The internship year can race by. Experienced training directors share their advice on making the most of it:
Set specific goals. For instance, "I always ask my students, 'How will you know at the end of the year that the internship has been what you needed or wanted it to be?'" says Lisa A. Brenner, PhD, director of psychology training at the Veterans Affairs (VA) Medical Center in Denver. She urges interns to assess their professional development with APA's proposed benchmarks. As you go through the year, she adds, also check your written list of goals periodically to make sure you're on track.
Pace yourself. In their excitement, interns may take on too much work, warns Rick Weinberg, PhD, director of the internship program at the Louis de la Parte Florida Mental Health Institute at the University of South Florida in Tampa. "It's like a person who's hungry when they go into the cafeteria," he says. "They tend to overload their plate." In addition to the demands of an internship, students may be working on dissertations or maintaining long-distance relationships. To avoid being overwhelmed, interns should consider everything they have to do and spread it out over the year, Weinberg says. And try to get your dissertation finished before you head off to internship, experts suggest.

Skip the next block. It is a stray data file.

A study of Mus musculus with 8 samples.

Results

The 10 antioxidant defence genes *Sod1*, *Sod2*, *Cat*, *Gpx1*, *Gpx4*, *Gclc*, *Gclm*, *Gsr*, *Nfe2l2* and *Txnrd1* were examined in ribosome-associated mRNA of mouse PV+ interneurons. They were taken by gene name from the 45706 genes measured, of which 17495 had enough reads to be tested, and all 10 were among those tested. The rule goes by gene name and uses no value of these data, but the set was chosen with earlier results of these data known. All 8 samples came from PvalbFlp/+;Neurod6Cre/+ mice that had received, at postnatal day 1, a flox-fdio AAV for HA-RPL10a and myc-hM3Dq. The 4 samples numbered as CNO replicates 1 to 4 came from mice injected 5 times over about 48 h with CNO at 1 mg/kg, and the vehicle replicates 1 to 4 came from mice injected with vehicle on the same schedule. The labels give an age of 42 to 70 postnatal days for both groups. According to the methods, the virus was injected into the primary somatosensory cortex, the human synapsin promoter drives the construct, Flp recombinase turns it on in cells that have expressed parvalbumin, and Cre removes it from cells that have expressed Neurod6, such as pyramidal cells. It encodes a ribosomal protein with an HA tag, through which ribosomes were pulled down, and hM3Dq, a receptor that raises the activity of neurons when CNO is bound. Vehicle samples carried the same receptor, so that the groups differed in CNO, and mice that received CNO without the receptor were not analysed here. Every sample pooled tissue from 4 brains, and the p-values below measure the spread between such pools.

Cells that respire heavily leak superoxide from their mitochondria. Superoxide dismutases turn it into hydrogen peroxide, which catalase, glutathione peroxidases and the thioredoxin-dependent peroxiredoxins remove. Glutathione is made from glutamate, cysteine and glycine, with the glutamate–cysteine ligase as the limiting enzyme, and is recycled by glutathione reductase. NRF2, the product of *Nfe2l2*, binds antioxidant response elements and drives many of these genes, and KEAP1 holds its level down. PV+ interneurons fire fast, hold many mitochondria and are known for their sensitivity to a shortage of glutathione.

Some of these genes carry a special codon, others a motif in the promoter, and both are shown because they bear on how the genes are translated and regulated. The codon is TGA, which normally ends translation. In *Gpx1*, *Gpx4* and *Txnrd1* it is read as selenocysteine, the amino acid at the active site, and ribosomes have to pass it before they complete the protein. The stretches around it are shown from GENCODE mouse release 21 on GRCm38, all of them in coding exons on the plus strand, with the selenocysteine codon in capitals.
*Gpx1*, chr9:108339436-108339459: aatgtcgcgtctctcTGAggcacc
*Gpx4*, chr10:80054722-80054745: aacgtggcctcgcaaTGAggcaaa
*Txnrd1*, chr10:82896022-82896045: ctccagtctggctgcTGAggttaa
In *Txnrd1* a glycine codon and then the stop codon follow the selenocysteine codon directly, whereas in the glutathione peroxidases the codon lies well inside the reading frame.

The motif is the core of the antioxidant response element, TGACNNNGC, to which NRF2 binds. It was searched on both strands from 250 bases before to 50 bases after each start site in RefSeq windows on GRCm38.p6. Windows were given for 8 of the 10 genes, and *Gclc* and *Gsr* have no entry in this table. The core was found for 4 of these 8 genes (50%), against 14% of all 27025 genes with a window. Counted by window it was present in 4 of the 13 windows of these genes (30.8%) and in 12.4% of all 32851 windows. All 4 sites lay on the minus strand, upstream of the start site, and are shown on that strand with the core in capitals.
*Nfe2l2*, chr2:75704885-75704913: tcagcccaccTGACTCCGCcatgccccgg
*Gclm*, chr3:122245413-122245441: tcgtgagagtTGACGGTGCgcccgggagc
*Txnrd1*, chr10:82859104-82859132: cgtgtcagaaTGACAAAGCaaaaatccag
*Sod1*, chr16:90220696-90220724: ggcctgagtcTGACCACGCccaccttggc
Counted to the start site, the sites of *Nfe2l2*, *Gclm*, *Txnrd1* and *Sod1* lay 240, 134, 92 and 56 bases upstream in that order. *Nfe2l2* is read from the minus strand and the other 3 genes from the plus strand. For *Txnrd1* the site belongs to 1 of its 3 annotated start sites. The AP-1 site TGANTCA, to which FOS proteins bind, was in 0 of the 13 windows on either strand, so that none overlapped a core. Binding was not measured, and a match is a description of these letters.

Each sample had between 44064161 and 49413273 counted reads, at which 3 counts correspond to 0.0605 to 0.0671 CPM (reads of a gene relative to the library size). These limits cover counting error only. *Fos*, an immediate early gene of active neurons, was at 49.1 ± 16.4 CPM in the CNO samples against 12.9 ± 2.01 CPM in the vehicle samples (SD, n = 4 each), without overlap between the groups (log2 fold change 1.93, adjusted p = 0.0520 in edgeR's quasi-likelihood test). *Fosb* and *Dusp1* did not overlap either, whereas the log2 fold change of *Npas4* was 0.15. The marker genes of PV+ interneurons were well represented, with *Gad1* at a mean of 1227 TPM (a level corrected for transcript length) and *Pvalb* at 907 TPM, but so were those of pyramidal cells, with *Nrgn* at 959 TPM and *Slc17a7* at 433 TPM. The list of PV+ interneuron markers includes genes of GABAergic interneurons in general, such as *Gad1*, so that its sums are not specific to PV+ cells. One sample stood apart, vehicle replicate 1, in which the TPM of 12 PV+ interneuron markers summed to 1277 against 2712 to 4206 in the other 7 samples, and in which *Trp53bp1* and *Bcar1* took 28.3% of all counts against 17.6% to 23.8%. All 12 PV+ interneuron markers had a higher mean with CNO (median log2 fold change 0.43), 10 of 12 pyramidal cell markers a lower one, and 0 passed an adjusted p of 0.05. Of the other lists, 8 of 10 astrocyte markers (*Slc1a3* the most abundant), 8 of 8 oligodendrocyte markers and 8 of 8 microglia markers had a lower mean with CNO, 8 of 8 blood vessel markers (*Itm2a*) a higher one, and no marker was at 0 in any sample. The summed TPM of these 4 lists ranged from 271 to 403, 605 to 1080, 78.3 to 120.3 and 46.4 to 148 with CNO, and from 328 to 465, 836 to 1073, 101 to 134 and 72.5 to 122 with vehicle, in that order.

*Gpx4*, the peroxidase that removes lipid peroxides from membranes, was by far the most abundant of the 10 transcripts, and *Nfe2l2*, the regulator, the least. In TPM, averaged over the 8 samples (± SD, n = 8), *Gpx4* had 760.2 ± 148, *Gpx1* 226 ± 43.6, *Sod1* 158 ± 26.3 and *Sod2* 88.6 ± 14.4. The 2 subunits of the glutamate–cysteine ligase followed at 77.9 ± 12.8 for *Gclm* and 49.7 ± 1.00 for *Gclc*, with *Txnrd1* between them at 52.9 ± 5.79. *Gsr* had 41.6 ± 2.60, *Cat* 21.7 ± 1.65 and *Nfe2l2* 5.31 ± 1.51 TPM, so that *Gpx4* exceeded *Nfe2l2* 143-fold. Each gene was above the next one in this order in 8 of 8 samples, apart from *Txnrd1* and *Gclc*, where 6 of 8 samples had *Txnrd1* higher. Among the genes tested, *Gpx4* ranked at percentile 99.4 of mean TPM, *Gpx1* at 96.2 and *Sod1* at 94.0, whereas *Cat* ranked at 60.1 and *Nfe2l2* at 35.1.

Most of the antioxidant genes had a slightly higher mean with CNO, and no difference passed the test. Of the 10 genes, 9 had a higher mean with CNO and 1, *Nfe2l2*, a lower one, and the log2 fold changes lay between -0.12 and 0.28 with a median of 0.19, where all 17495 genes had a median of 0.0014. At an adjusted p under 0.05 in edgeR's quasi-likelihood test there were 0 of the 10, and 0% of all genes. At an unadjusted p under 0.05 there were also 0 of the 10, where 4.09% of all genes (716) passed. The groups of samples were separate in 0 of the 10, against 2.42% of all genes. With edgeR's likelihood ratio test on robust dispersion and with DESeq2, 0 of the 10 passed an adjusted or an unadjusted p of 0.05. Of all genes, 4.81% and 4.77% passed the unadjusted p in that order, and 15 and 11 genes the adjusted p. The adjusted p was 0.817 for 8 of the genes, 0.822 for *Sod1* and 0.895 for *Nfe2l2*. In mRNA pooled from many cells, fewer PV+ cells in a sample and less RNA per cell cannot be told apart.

Expand your horizons. While ensuring that you get the training you need to practice independently, says Brenner, take advantage of opportunities to explore new practice niches or populations. "You could find an area that's new and exciting and really changes how you think about yourself as a professional," she says. That's what happened to Brenner, who discovered rehabilitation psychology during her internship at the Denver VA Medical Center.
Meet people. Now's the time to make contacts within psychology, says Brenner, noting that interns can benefit from attending conferences and making presentations. Interns can also connect with professionals in other fields, such as physicians and epidemiologists, and hone their cross-disciplinary skills, she adds.
See the big picture. "It's important to move one's perspective beyond just individual assessment and intervention and look at the broader systems," says Weinberg. He urges interns to meet with the executive director, agency head or other leader at their internship settings to find out more about how the services they provide fit into a larger context. To provide the best service to clients, it's important to understand the political, policy and other issues that affect mental health, mental illness and service delivery, says Weinberg.
Seek social support. Internship can be stressful, especially since many students move to new cities far from friends and family, says Weinberg. To that end, he encourages his interns to e-mail one another and build relationships even before the year begins.
Rebecca A. Clay is a writer in Washington, D.C.